Educating Twitta’


Student Twittucation.
Twitter is being used in many different ways. For business, news, and just plain fun, it has become the default sharing engine for many of us. We are able to create our own little information bubbles based in the topics we’re interested in, and tailor conversations around each of our points of preference.

But how are we preparing our next generation to harness this resource? In 2006, I started working with the Intel Education Foundation team showing teachers around the globe how to incorporate emerging technology into their classrooms. While developing ways to reinvent established pedagogy to include emerging and evolving advancements, I discovered Twitter. And Blogger. And a number of other services we now take for granted. 

It seems like every day there’s a launch of another resource which could make our education system better. As long as we use them. The highly motivated among us can gather Ph.D.-level knowledge and skills with nothing more than a Wi-Fi connection using tools like iTunes U and YouTube, and Codecademy.

Are these resources being incorporated into the de facto education systems we force onto our youth? The question is becoming more and more important as our unemployment rate remains at difficult levels while potential employers are desperate to fill skilled jobs. We need to make sure that we are creating workers for the next economy, not just creating students who can fulfill some politically motivated standardized testing quotas.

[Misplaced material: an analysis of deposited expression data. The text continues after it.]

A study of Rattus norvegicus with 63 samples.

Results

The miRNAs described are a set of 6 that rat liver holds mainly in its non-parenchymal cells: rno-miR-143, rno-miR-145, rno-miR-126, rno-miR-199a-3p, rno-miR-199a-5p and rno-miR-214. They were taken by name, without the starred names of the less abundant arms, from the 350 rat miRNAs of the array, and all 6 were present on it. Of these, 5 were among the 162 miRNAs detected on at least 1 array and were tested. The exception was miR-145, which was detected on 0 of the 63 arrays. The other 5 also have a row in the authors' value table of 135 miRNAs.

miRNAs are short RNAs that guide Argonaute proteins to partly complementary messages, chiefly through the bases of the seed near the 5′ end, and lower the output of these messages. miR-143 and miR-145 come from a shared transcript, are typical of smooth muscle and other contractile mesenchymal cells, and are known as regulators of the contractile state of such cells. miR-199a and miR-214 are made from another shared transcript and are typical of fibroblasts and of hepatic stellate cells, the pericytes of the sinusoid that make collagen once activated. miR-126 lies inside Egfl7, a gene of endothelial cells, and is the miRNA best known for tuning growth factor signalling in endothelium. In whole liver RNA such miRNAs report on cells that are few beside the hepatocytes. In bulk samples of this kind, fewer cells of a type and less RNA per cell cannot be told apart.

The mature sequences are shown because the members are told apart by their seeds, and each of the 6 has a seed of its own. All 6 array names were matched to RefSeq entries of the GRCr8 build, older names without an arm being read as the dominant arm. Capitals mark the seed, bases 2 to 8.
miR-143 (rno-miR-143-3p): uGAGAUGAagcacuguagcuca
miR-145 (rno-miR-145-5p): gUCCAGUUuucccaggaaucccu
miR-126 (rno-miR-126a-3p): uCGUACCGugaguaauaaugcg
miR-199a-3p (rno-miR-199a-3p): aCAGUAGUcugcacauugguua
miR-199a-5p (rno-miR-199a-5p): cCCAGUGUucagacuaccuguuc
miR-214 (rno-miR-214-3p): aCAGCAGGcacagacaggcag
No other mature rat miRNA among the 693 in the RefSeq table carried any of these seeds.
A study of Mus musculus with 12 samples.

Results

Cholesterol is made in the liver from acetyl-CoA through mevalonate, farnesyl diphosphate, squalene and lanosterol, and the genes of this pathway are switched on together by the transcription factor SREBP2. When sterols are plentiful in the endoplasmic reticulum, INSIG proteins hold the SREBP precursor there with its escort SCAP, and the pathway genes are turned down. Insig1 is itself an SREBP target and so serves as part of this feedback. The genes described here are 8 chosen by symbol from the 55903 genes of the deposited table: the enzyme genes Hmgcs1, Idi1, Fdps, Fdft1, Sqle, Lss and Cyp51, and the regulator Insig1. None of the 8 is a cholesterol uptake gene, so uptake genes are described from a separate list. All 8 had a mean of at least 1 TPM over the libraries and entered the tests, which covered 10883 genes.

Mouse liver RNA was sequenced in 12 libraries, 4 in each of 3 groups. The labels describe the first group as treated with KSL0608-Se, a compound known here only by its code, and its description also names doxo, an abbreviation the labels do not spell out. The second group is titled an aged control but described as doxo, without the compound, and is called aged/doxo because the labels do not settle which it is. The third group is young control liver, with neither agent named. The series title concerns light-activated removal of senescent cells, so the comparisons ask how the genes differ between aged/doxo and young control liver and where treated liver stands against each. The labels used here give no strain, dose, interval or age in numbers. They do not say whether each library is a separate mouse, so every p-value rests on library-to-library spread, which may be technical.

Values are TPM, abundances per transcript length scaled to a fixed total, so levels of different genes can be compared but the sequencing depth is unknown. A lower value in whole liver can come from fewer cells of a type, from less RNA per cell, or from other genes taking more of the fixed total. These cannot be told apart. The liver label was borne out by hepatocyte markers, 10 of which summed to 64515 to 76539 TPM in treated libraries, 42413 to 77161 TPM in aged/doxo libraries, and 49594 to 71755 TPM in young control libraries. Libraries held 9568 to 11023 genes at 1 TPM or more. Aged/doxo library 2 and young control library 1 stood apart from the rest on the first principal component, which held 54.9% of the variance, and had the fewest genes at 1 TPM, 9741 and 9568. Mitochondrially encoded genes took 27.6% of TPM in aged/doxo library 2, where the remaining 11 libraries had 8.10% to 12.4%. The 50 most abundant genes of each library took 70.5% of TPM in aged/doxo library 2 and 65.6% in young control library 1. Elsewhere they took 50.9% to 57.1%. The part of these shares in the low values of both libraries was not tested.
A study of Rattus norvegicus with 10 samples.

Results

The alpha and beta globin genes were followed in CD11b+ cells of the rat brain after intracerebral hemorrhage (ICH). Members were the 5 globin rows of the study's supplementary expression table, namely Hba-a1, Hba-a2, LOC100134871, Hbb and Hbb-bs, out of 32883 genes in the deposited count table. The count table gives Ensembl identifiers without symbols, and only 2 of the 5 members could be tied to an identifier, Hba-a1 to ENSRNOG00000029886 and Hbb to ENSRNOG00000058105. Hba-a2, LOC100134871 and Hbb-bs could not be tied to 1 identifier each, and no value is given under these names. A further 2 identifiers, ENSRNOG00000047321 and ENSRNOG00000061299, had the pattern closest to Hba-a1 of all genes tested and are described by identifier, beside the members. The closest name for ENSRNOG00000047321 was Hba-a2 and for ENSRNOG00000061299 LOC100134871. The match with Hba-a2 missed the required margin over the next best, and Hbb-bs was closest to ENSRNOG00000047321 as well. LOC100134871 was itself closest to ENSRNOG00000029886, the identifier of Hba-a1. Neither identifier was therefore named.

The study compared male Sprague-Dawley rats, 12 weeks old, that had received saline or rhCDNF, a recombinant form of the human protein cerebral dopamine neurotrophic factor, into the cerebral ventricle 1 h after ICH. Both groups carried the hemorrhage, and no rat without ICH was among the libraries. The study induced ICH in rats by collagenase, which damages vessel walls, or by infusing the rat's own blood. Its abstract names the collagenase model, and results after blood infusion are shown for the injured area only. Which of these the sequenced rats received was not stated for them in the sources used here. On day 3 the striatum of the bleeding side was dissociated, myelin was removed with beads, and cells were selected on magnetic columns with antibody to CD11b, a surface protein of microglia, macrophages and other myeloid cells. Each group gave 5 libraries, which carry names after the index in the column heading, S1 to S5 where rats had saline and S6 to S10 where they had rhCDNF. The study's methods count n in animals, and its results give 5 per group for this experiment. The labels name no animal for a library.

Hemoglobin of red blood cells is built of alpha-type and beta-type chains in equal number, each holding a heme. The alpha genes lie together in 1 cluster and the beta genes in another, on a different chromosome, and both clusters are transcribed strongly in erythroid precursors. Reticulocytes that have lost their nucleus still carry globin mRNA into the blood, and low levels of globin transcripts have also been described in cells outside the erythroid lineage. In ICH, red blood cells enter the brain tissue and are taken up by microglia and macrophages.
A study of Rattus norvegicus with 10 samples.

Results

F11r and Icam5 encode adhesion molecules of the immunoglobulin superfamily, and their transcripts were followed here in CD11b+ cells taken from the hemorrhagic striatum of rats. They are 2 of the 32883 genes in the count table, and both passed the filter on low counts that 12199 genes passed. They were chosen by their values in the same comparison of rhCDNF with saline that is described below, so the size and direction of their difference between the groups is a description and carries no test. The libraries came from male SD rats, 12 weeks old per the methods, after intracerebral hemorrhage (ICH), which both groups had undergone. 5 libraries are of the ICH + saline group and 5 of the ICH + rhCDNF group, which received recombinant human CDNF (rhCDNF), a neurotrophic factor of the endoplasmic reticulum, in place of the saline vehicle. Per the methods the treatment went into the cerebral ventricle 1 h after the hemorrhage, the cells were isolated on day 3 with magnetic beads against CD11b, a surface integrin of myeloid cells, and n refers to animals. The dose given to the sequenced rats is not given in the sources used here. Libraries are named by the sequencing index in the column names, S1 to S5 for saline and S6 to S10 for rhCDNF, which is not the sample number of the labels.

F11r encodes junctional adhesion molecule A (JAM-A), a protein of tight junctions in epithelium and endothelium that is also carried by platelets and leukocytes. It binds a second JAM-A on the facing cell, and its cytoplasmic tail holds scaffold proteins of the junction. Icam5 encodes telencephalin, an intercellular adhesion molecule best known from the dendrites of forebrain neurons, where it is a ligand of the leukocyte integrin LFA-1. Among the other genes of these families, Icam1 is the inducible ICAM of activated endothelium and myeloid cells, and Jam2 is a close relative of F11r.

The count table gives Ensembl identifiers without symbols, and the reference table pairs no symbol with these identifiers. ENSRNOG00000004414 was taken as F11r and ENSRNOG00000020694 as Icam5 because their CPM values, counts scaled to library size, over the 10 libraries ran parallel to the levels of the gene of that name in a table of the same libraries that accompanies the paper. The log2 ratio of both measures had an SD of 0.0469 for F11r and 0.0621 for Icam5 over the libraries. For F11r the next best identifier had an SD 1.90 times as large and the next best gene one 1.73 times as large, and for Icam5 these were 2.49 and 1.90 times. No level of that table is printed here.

In a few weeks, NPR‘s “Tell Me More” will host a live forum in conjunction with member-station WLRN in Miami to talk about the state of education in the U.S. The broadcast, part of the compelling StateImpact project NPR has been producing, will air 10 October, but you can participate in the lead-up to the show right now on Twitter. Host Michel Martin has invited listeners to begin a conversation before the broadcast using the #NPRedchat hashtag. If you’re interested in participating, let them know now. 

We should all be doing more to make sure that we are building the right kind of education system for today’s students and tomorrow’s innovators. And in this election season, now is the time to make sure those who are responsible for implementing changes are hearing what we are saying. If you have thoughts, don’t remain silent. Our progress depends on your participation. 

Gather your ideas. Post them on Twitter. Share them with your friends, family, and elected officials. And we can talk about them more when I see you on the ‘morrow, on the Web.